Removing books with racial or LGBTQ+ themes may have created a “hostile environment” for students, and could even be considered a violation of their civil rights, according to an investigation by the Biden Administration.
The Education Department’s Office for Civil Rights recently concluded an investigation into the Georgia district's decision to remove nearly a dozen books from its shelves in 2022 after parent complaints. Forsyth County Schools banned eight books permanently, and two temporarily, after debate at a school board meeting.
At the meeting, students spoke out about how the ban would impact them. One student of Asian heritage said she struggled to find Asian protagonists, and a student who identifies as LGBTQ+ said the bans made him feel unsafe and unwelcome, according to the Education Department.
After a committee of teachers, media specialists, and parents pushed for their return, seven of the titles were reinstated. However, the Department of Education found that despite this, the district did not take “steps to address with students the impact of the book removals."
In their letter which concluded the investigation, the Education Department noted that the school board may have created a hostile environment, as they explicitly and exclusively reviewed materials based on “race, color, or national origin."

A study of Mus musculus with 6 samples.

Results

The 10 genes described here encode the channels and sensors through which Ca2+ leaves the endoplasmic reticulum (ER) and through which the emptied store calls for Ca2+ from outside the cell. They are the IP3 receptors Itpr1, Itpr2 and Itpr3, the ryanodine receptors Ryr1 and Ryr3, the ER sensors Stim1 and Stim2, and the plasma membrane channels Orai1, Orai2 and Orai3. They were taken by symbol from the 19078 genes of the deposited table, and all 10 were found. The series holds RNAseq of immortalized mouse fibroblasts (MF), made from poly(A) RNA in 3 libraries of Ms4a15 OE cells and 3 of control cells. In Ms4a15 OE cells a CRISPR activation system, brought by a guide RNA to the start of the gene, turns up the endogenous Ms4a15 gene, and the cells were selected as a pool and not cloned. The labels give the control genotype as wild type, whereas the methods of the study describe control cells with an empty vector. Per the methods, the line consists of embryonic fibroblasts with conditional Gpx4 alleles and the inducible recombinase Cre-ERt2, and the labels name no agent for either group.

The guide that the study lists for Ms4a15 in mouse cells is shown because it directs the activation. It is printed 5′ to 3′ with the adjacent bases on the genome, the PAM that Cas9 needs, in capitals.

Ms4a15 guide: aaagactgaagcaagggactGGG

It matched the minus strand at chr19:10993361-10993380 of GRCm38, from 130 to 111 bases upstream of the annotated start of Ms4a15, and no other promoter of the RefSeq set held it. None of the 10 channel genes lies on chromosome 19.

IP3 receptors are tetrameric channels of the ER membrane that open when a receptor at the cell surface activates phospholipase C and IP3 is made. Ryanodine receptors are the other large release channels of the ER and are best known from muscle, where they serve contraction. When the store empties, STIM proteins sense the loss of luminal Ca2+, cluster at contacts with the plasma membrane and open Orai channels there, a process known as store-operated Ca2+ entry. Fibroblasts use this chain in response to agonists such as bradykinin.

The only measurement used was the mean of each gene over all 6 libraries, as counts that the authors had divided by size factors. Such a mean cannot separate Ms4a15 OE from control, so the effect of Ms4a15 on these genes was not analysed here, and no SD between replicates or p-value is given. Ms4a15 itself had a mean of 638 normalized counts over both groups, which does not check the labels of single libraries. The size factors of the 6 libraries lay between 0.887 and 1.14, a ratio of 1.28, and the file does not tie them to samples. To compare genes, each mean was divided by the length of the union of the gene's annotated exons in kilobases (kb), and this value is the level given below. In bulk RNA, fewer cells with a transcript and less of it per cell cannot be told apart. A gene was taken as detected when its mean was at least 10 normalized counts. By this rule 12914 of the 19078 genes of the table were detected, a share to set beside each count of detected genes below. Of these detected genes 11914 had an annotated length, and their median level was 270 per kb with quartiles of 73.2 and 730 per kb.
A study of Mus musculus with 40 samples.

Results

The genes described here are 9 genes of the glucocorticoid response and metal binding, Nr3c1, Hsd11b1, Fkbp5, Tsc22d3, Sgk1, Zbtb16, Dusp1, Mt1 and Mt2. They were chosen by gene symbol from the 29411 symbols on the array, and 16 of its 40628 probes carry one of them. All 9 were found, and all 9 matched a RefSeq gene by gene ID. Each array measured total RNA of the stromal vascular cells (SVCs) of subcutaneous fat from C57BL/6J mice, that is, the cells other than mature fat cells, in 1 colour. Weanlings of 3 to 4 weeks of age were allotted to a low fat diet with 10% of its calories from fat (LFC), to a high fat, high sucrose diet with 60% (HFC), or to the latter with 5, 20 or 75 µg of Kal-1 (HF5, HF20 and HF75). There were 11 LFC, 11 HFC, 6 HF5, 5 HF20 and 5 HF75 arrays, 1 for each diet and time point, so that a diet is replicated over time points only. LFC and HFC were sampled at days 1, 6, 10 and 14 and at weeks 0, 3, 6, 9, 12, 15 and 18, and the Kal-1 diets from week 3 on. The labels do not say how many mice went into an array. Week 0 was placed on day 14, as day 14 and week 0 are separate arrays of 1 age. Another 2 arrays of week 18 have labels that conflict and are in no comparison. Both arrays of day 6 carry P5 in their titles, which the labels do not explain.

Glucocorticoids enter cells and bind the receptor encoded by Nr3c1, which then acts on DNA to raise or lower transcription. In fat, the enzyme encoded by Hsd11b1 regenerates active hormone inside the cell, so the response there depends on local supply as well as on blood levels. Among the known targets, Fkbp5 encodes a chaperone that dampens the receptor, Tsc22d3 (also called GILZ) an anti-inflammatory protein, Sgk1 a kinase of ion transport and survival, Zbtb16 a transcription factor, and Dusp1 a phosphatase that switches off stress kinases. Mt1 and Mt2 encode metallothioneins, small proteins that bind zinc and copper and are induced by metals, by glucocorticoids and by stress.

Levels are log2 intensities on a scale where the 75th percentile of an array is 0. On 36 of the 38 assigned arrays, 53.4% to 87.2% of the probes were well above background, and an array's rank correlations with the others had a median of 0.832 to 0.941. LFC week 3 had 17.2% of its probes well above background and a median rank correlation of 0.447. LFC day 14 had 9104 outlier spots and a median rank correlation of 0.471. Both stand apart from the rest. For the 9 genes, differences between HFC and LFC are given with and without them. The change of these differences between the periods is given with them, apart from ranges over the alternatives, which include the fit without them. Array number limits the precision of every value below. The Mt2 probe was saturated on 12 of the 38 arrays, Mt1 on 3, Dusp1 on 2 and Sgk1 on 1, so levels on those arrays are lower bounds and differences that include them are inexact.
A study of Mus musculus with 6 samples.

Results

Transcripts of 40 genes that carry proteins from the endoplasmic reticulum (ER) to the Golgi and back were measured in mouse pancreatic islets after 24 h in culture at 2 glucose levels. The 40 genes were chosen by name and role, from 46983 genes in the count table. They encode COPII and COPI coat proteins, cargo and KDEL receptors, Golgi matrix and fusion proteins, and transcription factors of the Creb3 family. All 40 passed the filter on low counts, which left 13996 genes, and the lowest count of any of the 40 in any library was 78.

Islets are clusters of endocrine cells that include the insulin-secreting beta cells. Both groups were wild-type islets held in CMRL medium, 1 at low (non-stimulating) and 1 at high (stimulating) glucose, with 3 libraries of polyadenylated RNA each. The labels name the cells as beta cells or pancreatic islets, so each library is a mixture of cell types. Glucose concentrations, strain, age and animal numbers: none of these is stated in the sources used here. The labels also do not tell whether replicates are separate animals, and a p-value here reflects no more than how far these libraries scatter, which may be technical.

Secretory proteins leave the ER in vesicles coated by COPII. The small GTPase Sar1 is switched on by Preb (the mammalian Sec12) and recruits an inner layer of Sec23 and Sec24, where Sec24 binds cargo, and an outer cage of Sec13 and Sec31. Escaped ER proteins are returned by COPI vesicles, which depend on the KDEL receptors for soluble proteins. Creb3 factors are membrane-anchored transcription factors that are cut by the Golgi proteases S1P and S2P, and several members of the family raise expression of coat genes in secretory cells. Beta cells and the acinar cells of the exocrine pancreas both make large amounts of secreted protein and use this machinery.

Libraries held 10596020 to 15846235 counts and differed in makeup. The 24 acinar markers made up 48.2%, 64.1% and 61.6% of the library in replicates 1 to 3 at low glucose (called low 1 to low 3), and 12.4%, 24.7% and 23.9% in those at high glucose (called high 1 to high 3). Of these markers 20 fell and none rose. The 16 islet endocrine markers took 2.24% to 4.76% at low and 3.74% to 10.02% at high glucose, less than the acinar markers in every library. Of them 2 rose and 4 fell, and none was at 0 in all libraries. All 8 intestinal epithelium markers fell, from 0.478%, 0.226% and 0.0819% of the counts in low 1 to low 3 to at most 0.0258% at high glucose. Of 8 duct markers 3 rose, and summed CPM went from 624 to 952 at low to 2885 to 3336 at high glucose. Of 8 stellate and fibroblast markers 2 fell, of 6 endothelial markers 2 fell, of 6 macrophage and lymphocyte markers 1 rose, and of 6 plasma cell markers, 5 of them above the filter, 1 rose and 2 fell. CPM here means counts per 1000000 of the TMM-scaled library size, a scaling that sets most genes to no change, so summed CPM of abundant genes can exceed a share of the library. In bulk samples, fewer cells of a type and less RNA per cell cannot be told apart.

“Communications at board meetings conveyed the impression that books were being screened to exclude diverse authors and characters, including people who are [LGBTQ] and authors who are not white,” the letter reads.
The ruling did not require Forsyth County Schools to return the remaining banned books to shelves, nor did it require an updated reviewal system to prevent blanket bans on books from marginalized authors. Instead, the district must release a statement that explains the books were not removed due to topics of sexual orientation, gender, or race, as well as “an acknowledgement that the environment surrounding removal of books may have impacted students.”
While the ruling was not as conclusive as activists hoped, they believe the precedent may dissuade other districts from adopting blanket bans. Book bans were attempted or implemented in record numbers in 2022, the majority targeting LGBTQ+ or racial books.
Director of PEN America, Jonathan Friedman, previously told The Advocate Channelthat ongoing legal battles are "about due process and about certain principles that should guide and protect student rights."
"Fundamentally, people should be reading the books, talking about them, understanding the purpose of a library. The library isn’t there to serve any one person’s political or ideological views, it’s meant to be relevant to students, and the best people whose job is to help determine that, are librarians," he said. "Unfortunately, their professional discretion and expertise has been undermined."